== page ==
Recent Articles

Jun 2017

I Need More Space


Shawn W. was a newbie support tech at a small company. Just as he was beginning to familiarize himself with its operational quirks, he got a call from Jim: The Big Boss.


A Lazy Cat


Like most things, the press runs Linux- a highly customized, modified version of Linux. It’s a system that needs to be carefully configured, as “disaster recovery” has a slightly different meaning on this kind of heavy equipment. The documentation, while thorough and mostly clear, was obviously prepared by someone who speaks English as a second language. Thus, Ben wanted to check the shell scripts to better understand what they did.


The CMS From Hell


Contracting can be really hit or miss. Sometimes, you're given a desk and equipment and treated just like an employee, except better paid and exempt from team-building exercises. Sometimes, however, you're isolated in your home office, never speaking to anyone, working on tedious, boring crap they can't convince their normal staff to do.


Highly Functional


Still, functional programming features have percolated through other languages because they work. They’re another tool for the job, and like any tool, when used by the inexpert, someone might lose a finger. Or perhaps someone should lose a finger, if only as a warning to others.


@TitleOfErrord



Classic WTF: Hacker Proof Booleans


"Years ago, long before I'd actually started programming, I spent my time learning about computers and data concepts by messing around with, believe it or not, cheat devices for video games," wrote Rena K., "The one I used primarily provided a RAM editor and some other tools which allowed me to tool around with the internal game files and I even get into muddling around with the game data all in the interest of seeing what would happen."

"As such, by the time my inflated hacker ego and I got into programming professionally, I was already pretty familiar with basic things like data types and binary. I was feeling pretty darn L33T."


Classic WTF: The Accidental Hire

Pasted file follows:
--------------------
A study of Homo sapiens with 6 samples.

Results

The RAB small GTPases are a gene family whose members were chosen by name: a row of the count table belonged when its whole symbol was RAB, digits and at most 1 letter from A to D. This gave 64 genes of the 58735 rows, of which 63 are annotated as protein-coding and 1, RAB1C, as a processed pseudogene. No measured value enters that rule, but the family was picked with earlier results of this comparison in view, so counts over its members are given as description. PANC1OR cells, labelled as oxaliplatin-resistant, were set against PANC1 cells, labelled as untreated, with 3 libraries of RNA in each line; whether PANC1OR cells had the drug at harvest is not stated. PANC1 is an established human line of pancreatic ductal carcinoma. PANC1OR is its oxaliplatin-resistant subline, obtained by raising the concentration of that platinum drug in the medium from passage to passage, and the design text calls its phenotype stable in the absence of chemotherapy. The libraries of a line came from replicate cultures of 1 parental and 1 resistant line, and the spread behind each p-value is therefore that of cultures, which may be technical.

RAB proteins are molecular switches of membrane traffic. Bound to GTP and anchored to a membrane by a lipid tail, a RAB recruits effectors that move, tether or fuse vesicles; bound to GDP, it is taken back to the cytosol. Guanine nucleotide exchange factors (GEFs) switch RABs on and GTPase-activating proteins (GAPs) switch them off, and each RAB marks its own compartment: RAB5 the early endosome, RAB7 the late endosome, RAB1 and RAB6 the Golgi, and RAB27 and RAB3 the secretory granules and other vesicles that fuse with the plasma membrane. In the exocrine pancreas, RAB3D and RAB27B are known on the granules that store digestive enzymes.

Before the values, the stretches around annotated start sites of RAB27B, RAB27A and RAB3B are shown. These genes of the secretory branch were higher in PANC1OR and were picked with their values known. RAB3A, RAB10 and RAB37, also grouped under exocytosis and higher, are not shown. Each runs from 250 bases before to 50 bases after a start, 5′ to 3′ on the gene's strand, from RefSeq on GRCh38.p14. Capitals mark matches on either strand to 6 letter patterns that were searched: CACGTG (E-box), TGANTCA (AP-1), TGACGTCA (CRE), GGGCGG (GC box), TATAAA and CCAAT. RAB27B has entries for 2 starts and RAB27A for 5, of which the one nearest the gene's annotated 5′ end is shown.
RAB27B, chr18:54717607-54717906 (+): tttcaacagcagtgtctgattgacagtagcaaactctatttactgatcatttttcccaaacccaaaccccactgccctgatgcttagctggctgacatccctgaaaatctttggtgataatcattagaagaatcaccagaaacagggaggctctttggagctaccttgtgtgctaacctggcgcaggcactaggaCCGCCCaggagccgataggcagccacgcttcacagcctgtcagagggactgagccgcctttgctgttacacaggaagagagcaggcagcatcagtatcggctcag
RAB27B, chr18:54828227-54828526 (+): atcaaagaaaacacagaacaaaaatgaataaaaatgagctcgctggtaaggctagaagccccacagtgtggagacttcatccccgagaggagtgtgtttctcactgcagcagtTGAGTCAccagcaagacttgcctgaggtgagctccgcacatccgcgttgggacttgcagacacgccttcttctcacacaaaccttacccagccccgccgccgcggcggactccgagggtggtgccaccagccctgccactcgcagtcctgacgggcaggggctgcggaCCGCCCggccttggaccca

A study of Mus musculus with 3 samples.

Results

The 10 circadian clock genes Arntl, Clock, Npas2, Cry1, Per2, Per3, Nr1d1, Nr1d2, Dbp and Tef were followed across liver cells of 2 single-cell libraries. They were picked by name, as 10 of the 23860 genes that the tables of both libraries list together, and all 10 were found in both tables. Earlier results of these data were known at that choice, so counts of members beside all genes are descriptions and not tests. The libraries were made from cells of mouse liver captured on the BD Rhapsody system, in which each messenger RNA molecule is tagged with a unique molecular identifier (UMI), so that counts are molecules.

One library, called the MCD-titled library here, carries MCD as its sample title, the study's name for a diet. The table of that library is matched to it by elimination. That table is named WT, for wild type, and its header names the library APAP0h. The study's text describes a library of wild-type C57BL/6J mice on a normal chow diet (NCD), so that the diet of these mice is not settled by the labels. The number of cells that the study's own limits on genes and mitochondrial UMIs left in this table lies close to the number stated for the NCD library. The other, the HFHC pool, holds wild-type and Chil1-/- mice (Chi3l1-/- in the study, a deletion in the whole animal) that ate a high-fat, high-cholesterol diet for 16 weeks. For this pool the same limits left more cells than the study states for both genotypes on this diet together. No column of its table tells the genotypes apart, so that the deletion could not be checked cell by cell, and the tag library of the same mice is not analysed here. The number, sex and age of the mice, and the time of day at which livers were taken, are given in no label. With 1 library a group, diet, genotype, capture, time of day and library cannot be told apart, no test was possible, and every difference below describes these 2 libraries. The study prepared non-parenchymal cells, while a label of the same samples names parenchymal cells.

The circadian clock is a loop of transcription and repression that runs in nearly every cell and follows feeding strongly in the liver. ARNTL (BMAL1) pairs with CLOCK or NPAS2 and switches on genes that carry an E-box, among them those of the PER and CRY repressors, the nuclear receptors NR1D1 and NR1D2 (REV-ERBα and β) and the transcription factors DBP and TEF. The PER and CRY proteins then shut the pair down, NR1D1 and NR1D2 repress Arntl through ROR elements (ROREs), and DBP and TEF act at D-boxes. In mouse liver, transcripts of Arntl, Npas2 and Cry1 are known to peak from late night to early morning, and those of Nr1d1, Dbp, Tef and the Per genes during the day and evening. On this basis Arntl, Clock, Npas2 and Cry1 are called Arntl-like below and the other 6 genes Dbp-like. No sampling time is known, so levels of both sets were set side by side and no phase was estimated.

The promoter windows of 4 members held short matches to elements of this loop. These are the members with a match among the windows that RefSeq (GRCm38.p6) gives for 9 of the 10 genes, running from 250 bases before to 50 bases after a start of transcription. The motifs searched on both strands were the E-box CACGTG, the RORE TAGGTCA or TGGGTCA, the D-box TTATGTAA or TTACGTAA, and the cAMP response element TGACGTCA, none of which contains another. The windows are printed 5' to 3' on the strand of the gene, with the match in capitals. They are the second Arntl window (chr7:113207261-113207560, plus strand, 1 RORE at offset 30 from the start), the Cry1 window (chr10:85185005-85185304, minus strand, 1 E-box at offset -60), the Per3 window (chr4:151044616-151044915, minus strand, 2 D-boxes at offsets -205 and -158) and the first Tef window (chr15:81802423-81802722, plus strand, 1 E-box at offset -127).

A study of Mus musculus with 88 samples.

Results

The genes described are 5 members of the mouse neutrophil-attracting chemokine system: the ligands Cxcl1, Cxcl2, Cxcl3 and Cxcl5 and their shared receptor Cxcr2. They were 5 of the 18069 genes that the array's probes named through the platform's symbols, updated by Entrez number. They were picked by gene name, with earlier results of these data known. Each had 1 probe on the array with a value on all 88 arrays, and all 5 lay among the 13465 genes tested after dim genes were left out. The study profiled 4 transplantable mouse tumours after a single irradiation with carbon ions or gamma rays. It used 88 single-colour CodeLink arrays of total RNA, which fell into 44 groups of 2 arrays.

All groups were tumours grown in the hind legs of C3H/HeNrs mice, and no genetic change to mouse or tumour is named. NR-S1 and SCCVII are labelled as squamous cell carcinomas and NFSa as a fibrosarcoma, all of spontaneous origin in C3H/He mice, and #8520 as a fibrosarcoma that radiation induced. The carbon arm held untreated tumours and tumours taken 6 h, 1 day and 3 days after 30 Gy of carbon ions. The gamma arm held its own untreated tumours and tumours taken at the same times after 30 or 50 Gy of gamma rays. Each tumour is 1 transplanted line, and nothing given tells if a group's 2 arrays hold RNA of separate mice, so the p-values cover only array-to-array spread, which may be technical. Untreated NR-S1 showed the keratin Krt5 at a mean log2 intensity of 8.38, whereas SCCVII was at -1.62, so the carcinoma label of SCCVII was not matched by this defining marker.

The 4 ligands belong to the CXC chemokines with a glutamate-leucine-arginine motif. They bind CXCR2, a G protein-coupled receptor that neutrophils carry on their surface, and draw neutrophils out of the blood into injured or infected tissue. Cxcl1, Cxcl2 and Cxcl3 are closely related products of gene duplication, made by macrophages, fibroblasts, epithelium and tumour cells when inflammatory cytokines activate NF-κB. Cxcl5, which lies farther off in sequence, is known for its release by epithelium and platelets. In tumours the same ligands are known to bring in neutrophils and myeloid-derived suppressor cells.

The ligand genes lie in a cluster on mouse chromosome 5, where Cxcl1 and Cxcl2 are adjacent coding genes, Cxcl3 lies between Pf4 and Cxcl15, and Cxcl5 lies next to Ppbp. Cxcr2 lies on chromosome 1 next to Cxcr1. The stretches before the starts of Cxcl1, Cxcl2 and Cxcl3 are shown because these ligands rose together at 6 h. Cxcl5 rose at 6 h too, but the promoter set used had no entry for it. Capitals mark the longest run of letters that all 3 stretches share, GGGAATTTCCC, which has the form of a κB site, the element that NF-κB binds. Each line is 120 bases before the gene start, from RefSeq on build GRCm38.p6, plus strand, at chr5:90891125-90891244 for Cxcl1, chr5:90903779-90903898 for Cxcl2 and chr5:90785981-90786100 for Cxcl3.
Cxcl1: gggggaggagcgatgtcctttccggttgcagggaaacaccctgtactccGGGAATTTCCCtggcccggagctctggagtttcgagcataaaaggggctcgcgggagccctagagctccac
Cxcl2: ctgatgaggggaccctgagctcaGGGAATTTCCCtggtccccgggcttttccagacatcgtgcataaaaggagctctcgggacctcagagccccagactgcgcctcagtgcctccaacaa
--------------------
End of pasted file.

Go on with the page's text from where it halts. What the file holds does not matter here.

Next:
Doghouse Insurance (as we'll call them) was not a pleasant place to work. Despite being a very successful player in their industry, the atmosphere inside Doghouse was filled with a constant, frenzied panic. If Joe Developer didn't delay his upcoming vacation and put in those weekend hours, he might risk the timely delivery of his team's module, which might risk delaying the entire project, which might risk the company's earnings potential, which might risk the collapse of the global economy. And that's just for the Employee Password Change Webpage project; I can't even begin to fathom the overarching devastation that would ensue from a delayed critical project.

To make matters worse, the primary business application that poor souls like Vinny maintained was a complete nightmare. It was developed during the company's "database simplification" era and consisted of hundreds of different "virtual attribute tables" stuffed into four real tables; it was a classic case of The Inner-Platform Effect. But amidst all this gloom and despair was an upbeat fellow named Chris who accidentally became a part of the Doghouse Insurance team.


Classic WTF: It's Like Calling Assert


When we go from language to language and platform to platform, a whole lot of “little things” change about how we write code: typing, syntax, error handling, etc. Good developers try to adapt to a new language by reading the documentation, asking experienced colleagues, and trying to follow best practices. “Certain Developers,” however, try to make the language adapt to their way of doing things.

Adrien Kunysz discovered this following code written by a “Certain Developer” who wasn’t a fan of the try...catch…finally approach called for in .NET Java development and exception handling.


Classic WTF: Server Room Fans and More Server Room Fun


"It's that time of year again," Robert Rossegger wrote, "you know, when the underpowered air conditioner just can't cope with the non-winter weather? Fortunately, we have a solution for that... and all we need to do is just keep an extra eye on people walking near the (completely ajar) server room door."


Know Your Bits!



The Gassed Pump


At least, that’s what he was working on before Miranda stormed into his cube. “Stuart, we need your help. ProdTrack is down, and I can’t fix it, because I’ve got to be at a mandatory meeting in ten minutes.”


A Promise of Timing


Of course, it’s still asynchronous, and when an application has multiple asynchronous processes happening at the same time, “weird behavior” can happen, thanks to timing issues. Keith W encountered one of those timing related Heisenbugs, and became immediately suspicious about how it was getting invoked:


The Insurance Plan


In Sewer Ants, ants in a Sewer

Charlie C. worked for a modestly sized financial startup that had gained some traction. The company had grown to about 100 people. They had garnered about 300 customers, and they were building software that would solve a problem that was causing regulators all manner of headaches.


Variation on a Theme


Which brings us to WordPress, land of the themes. There’s a cottage industry around building WordPress themes, and it’s a busy enough space that there are specialists in developing themes for specific industries. Alessandro ended up doing some work in the real estate business, tweaking a WP theme to change the way certain images would get displayed in a slide show.


A World Turned Upside Down



Switched Over


Ms. “Good With Computers” actually learned something from the experience, and moved on to a lucrative career in web development. Unfortunately, she left behind the code she learned by doing, and now Bert has been brought in to clean up the code.